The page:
In the final episode of one of my favorite TV series, Six Feet Under, something quite extraordinary happened. It’s been 11 years since that episode aired, so I’m going to give away what it was: everybody died. It was a magical way to wrap the series and, to be honest, I walked around devastated for about two weeks. I remember everyone I knew who’d seen it seemed to have the same reaction. It made us think about ourselves and then, at least on my end, my nieces and nephews, and how there would be a day when they would be talking to their kids and grand kids about, “Crazy Gay Uncle Frank.”
The Nick & Carter books, like the others that I’ve written, are channeled. I sit down and watch the unfolding scenes, interpret what I’m seeing, and transcribe the dialogue. I never know what is going to happen. Sometimes I do get visions of what’s coming. And that hit me a couple of days ago when I sat down to write the first chapter of 2008: When Nick & Carter Got Married.
You may know that 2008 was when the California State Supreme Court ruled that same-sex marriage was legal in California. This only lasted until the next election, but that’s a whole other story.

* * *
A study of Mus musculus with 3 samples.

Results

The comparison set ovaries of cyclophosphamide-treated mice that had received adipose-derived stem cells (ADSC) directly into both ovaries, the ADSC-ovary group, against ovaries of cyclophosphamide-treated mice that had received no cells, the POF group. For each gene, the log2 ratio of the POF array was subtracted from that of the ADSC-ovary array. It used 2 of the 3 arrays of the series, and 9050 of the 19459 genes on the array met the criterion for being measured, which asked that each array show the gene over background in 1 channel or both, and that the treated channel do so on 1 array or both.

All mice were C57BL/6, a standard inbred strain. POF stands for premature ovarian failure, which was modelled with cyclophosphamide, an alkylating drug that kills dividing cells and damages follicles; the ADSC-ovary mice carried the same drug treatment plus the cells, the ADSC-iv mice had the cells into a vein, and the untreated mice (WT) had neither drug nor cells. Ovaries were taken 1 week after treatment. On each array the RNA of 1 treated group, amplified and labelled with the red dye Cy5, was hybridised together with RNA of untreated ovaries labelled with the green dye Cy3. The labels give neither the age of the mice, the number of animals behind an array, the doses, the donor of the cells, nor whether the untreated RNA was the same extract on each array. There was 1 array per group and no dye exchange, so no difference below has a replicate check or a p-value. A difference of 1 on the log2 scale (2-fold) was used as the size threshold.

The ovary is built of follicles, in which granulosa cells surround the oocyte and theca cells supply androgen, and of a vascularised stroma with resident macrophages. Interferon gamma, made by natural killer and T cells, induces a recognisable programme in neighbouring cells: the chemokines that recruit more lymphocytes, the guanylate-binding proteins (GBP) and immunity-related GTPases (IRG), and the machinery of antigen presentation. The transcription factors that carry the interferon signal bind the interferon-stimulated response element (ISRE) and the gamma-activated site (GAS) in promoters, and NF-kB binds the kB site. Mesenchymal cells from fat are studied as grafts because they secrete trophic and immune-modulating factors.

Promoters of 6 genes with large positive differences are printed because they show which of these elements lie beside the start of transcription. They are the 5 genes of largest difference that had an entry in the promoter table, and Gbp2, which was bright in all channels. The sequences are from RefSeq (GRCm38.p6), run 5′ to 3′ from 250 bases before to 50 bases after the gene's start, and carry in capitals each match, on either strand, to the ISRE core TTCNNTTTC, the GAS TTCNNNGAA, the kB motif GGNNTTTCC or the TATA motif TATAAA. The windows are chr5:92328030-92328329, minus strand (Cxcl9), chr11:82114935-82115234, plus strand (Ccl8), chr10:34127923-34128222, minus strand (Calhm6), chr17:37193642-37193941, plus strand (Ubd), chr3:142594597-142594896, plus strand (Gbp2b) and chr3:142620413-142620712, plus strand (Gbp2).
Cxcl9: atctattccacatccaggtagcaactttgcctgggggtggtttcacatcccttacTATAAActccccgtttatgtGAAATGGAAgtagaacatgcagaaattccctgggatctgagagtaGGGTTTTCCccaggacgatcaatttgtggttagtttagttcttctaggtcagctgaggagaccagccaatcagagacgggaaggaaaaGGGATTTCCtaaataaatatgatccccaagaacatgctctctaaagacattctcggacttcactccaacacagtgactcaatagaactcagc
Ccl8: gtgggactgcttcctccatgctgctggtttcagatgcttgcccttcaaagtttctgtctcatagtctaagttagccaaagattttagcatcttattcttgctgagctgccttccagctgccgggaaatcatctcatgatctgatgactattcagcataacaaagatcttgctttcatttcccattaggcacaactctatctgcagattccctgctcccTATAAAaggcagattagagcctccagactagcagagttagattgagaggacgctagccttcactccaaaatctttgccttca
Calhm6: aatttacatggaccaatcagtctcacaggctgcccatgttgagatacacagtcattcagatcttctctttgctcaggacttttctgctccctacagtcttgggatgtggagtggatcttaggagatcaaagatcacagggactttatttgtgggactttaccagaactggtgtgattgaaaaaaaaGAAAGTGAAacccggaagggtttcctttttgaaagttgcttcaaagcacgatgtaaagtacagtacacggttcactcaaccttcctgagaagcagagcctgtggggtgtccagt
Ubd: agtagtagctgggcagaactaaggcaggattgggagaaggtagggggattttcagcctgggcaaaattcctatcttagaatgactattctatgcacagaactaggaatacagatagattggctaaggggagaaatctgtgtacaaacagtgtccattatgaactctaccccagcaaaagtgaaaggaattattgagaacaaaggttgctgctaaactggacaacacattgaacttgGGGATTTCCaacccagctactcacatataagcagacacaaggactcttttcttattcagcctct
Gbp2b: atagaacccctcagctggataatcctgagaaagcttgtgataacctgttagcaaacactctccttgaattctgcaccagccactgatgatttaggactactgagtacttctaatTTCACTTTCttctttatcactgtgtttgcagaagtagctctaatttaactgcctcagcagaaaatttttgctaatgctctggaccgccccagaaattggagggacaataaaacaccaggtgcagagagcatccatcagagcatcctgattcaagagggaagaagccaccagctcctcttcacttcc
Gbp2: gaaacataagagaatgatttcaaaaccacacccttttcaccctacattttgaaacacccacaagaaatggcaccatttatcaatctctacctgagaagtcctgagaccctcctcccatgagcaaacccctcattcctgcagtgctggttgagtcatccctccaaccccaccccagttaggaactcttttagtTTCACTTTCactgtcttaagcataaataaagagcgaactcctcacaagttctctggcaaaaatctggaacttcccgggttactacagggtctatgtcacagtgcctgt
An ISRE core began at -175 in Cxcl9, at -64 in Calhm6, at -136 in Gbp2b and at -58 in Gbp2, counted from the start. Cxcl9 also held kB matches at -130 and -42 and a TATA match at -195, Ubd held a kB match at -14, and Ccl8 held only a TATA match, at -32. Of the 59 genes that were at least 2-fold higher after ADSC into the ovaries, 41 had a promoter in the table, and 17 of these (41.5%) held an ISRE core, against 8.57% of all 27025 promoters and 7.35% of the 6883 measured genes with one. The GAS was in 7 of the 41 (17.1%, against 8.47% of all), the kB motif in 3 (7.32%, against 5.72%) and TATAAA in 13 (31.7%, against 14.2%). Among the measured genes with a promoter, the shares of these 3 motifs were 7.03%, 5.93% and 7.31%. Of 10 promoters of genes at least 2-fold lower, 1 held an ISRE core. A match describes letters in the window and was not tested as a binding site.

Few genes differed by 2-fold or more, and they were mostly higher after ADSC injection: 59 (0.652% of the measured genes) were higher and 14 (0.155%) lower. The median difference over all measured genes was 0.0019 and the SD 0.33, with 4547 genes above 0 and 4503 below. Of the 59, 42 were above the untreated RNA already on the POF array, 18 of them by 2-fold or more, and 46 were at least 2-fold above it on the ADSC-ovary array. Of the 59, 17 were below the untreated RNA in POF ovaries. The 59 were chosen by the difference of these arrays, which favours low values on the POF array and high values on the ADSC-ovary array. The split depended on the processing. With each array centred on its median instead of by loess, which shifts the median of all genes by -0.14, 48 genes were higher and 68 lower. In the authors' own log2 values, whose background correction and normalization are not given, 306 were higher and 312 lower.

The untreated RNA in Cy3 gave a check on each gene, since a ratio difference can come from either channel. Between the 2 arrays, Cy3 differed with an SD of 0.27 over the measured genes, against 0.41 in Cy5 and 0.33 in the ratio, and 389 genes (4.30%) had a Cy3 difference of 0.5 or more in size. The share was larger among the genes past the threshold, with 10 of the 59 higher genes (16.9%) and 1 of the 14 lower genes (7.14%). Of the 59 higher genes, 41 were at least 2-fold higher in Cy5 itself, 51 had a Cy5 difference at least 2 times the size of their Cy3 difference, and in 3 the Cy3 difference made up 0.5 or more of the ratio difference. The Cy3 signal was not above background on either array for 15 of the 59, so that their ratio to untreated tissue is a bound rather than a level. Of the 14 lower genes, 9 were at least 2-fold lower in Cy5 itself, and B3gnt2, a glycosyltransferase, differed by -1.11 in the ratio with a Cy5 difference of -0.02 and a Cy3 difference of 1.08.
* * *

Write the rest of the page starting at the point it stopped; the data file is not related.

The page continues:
In this first chapter that I wrote out, an 80-something Nick wakes up to his assistant Robin telling him that same-sex marriage is now legal and that it’s time to go to City Hall and get married to Carter. As Nick is getting dressed and as they’re all driving down there, he reminisces about the past.
At first, I thought this was just really interesting. Then, the next morning I realized this was the start to the final (in chronological order) book of all the Nick & Carter books because this is the one where they die.
Then the tears started. And I don’t mean an occasional tear & sniffle, I mean the full-on ugly, wrenching, I-might-break-my-face kind of crying. I finally had to call in some help so I could uncover what was really going on (and that’s another story altogether).
It feels right to share this experience. Everyone dies. And, in the light of today, I’m going back and re-reading the 1947 romance book where Nick & Carter meet. It feels wonderful to be able to see the beginning and the end and to know that filling out the middle is going to be a delicious experience!
I love these characters. And, underneath the notion of writing a book, I feel like I’m simply transcribing Nick’s story. In fact, I had a vision that… Whoops! Will save that tidbit for the book.
One last thought I’ll share:
Terry Gross: So, isn’t it a bit unusual to write a book where the main characters die before you’ve written all the other books?